Chemours officially broke ground Monday on a $150 million research and development headquarters that will bring more than 300 jobs to the University of Delaware’s STAR Campus.

First announced in October, the 312,000-square-foot Chemours Discovery Hub is expected to open in early 2020.

“This is much more than a brick-and-mortar story; it’s about the discoveries to come that just might change or at least shape the future,” Chemours CEO Mark Vergnano said. “The Chemours Discovery Hub will serve as a gathering place — a center for activity where vision, ambition, intelligence and creative energy will flourish — not just for years, but for decades to come.”

The facility, which will house laboratories and some office space, will employ approximately 325 scientists and other personnel, all of whom will be relocated from more than a dozen other Chemours facilities in New Castle County.

While the new headquarters won’t create additional jobs right away, Vergnano said the company has plenty of room to expand.

“The whole idea here is for us to grow,” he said. “I believe there will be new jobs over time.”

For now, the benefit of the new building is the ability to bring together scientists who are currently spread out among a number of other sites.

“By bringing our scientists and engineers together in one location, we can make our efforts more efficient, more productive and, above all, I hope more fun as well, as we interact more in person,” said Zeru Tekie, who heads Chemours’ fluoroproducts division.

According to public records, the company inked a 75-year ground lease with UD for a 15.2-acre, pentagonal plot of land in the southeast corner of the 272-acre STAR Campus. That area was designated as “future development” in UD’s 2014 master plan, which called for turning STAR into an urban-inspired campus centered around a new transportation hub and featuring research and development space surrounded by parks, restaurants, residential units, retail stores and a hotel.

Chemours will be situated in close proximity to Bloom Energy, which opened in 2013 as the first private company to locate on the STAR Campus.

Formerly the site of the Chrysler assembly plant, STAR also includes the UD health sciences complex, the technology company SevOne and a business incubator. A 10-story tower, which will house part of the health science program as well as several undisclosed commercial tenants, is slated to open next summer. In October, UD broke ground on a six-story, $156 million biopharmaceutical building.

Under the terms of the deal, Chemours paid UD $4.6 million to lease the land, a UD spokeswoman confirmed. Chemours will pay UD an additional $4 million over five years as part of a research agreement, in which faculty and students will do work for Chemours.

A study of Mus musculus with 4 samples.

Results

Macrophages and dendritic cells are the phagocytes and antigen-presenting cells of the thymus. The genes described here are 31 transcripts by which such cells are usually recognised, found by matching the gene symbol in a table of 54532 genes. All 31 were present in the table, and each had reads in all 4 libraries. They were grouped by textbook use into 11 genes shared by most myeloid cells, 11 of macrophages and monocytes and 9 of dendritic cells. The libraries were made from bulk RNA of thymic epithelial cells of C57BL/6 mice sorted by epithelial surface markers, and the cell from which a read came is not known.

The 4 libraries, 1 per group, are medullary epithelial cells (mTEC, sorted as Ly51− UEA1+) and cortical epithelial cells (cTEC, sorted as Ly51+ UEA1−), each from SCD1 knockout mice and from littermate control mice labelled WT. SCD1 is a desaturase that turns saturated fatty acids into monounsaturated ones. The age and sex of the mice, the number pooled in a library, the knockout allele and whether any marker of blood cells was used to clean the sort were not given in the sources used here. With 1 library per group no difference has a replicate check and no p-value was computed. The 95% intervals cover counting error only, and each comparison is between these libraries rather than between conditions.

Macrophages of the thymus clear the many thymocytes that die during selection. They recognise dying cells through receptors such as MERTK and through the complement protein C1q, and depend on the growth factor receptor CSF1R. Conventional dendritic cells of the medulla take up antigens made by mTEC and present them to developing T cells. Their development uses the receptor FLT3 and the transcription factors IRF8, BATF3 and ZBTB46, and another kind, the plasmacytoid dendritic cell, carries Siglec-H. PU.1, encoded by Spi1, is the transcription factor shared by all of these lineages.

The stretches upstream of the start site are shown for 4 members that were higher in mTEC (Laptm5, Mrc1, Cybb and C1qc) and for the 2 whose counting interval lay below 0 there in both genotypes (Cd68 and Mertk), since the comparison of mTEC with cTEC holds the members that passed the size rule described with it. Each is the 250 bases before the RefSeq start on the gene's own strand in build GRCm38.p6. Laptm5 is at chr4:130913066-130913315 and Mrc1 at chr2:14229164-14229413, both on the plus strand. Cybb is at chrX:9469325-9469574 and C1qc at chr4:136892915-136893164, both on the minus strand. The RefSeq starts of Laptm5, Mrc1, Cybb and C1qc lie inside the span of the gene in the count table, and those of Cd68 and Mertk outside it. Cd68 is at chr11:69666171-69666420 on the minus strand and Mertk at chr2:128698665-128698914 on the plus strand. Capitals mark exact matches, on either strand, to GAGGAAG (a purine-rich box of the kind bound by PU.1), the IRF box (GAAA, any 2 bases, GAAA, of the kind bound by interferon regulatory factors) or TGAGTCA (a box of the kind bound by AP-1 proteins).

“This is a big deal for the University of Delaware and our state,” UD President Dennis Assanis said. “They’re going to be part of a neighborhood, an ecosystem of researchers, educators, innovators and entrepreneurs. We’re going to create the future of our state here and we’re going to be a major force in the mid-Atlantic region for job creation and for wealth generation for our society.”

Assanis said the deal came together quickly after he and Vergnano discussed a possible collaboration approximately six months ago.

Like any good relationship, it’s all about chemistry, he joked.

“From the moment I met Mark, I knew there was great chemistry,” he said.

Vergnano said he hopes to create a “pipeline” from UD, in which students intern for Chemours while studying at the university and then go on to be hired fulltime.

“People forget the University of Delaware is one of the top chemical engineering schools in the word,” he said. “We’re not only collaborating with the University of Delaware because they happen to be local; we’re collaborating with one of the best universities in the world.”

Kevin Leary, who heads Chemours’ titanium technologies division, said the proximity to UD is crucial for attracting young, innovative talent to the company.

“Our success is rooted in new generations building on the work and wisdom of those that came before them,” Leary said. “With that in mind, this facility and this partnership will be a magnet to attract talent not just from the greater Philadelphia area but from across the country and around the world.”

Headquartered in Wilmington, Chemours was founded in 2015 when DuPont spun-off its performance chemicals division. With 7,000 employees worldwide, the company’s flagship products include brands such as Teflon, Ti-Pure, Krytox, Viton, Opteon, Freon and Nafion.

Sen. Tom Carper said the discovery hub is an important step for Delaware’s economy.

“A lot of people looked at Chemours when DuPont spun them off three years ago, and a lot of the skeptics said Chemours ain’t gonna make it,” Carper said. “Lo and behold, Mark Vergnano, the CEO, has provided great leadership.”

“The wonderful thing about this investment is that this will foster more innovation and it will lead to the introduction of technologies that can be commercialized and turned into economic opportunity and job creation,” he added.